European Union lawmakers are set to debate trade rules later this month, and the international body's ban on seal products will be on the agenda. Outside Parliament, protesters showed off seal skin clothes and served up barbecued seal meat, speaking about the importance of selling pelts for Greenland hunters.
The ban, introduced in 2009, was upheld last summer after Canada filed an appeal with the World Trade Organization. The market for seal products has crashed since the ban, which some, including Greenland deputy foreign affairs minister Kai Anderson, say is hypocritical.
According to Anderson, while seal products are banned, some European countries destroy and dispose of seals because they pose a threat to fish stock.
"It's sad for us to see," said Anderson. "It's an affront to our culture of thousands of years, living sustainably off the seals, as a resource we respect and use 100 per cent of for eating and for materials."
Inuit Sila began in Denmark with the goal of advocating for hunters against an EU ban on sealing products. In January, representatives traveled to Iqaluit, Nunavut, speaking with local hunters and governments about uniting and strengthening the Inuit voice internationally.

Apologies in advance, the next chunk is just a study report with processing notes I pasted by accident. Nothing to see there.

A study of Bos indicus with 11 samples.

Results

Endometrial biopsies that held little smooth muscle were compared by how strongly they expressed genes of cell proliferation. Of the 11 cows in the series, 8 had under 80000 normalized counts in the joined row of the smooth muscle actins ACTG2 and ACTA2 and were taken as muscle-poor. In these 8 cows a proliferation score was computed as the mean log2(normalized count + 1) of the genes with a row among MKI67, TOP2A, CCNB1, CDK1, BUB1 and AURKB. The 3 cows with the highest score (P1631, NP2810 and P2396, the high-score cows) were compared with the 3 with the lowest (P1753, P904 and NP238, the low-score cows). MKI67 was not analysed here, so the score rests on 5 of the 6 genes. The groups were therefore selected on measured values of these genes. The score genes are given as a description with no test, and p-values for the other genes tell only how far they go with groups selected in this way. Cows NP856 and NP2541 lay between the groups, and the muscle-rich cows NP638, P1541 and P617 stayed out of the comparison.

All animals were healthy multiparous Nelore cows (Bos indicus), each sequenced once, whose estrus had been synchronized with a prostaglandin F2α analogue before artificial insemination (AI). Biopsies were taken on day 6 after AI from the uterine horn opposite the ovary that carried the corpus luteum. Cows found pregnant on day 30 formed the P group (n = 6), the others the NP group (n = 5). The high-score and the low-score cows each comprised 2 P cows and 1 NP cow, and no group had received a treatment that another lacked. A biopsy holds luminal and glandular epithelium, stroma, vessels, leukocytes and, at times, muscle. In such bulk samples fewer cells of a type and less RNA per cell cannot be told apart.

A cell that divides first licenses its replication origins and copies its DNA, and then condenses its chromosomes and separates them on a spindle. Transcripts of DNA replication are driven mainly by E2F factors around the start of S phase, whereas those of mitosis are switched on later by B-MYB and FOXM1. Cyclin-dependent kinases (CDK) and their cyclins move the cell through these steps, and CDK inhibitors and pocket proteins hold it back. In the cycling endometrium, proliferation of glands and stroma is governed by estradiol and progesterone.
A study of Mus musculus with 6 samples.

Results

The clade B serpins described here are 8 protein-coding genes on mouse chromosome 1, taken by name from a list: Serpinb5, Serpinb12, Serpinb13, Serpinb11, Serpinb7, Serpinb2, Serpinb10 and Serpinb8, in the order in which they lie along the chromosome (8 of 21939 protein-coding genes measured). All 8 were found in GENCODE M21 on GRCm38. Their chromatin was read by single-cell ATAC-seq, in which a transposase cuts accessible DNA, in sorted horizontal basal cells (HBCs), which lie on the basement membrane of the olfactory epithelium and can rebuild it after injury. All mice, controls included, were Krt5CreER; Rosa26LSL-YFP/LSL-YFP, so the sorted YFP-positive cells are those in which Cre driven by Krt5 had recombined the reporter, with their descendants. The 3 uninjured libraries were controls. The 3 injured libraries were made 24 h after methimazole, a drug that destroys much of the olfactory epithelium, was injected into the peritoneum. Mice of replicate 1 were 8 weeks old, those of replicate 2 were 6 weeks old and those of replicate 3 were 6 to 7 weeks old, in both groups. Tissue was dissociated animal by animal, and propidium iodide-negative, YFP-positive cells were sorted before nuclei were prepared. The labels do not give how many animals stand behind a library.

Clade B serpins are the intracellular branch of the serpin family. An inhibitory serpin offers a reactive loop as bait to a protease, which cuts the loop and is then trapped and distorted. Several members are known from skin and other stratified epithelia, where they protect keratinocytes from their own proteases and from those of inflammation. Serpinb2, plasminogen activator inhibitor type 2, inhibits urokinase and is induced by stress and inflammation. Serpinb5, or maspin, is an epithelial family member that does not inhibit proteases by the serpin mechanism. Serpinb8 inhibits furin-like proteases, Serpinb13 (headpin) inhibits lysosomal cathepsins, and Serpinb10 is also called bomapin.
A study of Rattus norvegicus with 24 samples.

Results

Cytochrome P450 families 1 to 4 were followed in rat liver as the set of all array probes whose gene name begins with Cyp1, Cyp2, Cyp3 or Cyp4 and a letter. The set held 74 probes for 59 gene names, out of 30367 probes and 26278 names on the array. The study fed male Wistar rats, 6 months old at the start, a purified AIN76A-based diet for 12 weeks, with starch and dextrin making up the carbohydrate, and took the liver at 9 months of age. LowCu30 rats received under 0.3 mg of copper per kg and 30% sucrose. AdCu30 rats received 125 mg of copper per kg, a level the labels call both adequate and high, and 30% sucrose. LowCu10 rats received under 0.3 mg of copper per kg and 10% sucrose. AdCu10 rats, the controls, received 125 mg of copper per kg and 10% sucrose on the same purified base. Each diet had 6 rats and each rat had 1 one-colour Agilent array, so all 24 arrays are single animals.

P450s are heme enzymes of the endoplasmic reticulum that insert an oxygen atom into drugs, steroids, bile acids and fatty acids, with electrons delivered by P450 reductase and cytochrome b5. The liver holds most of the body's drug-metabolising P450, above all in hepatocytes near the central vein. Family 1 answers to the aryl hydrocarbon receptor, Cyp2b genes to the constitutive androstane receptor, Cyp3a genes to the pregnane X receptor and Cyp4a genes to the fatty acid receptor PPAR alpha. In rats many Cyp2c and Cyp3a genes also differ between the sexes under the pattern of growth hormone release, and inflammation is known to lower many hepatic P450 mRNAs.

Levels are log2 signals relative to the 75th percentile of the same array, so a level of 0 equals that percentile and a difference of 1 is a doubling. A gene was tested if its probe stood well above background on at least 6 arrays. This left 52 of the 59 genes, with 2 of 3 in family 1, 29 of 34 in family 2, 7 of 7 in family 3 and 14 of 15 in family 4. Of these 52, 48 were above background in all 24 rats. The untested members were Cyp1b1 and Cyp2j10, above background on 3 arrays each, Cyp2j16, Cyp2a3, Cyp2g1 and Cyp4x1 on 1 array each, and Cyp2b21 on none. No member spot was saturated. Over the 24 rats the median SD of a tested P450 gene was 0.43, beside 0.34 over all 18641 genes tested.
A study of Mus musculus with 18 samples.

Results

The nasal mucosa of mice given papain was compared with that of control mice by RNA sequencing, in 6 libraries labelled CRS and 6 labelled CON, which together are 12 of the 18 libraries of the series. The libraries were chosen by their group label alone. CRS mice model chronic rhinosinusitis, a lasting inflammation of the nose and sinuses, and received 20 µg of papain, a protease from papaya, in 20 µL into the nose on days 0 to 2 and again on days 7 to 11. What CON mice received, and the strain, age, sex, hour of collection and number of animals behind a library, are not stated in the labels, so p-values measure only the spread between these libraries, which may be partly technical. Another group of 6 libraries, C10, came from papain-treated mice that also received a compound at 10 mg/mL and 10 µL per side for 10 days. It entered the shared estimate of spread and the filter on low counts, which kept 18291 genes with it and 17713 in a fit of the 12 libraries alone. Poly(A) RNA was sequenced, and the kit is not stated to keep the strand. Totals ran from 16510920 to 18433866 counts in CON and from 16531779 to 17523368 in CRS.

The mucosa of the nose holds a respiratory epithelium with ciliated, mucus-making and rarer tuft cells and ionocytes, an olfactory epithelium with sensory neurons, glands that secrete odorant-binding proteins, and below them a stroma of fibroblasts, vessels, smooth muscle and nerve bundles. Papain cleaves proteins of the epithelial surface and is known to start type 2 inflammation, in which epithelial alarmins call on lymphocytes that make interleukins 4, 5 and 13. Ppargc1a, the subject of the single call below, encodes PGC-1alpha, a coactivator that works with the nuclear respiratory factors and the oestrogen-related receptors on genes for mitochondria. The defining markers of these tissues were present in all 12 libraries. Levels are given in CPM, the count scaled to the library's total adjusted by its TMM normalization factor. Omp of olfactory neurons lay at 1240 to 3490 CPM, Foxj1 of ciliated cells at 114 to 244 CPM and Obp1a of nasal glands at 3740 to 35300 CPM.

Iqaluit resident Aaju Peter is at the protests, and said that while it's too early to tell if the protests have made an impact, the tide may slowly be changing on the controversial ban.
"There were some members who originally voted to ban the import of seal who have since come around. Who are now realizing: 'ah, we made a big mistake,'" she said. "And I'm very, very pleased about that."
According to Anderson, protesters have until June 4, when trade debates rap up, to convince lawmakers to overturn the ban.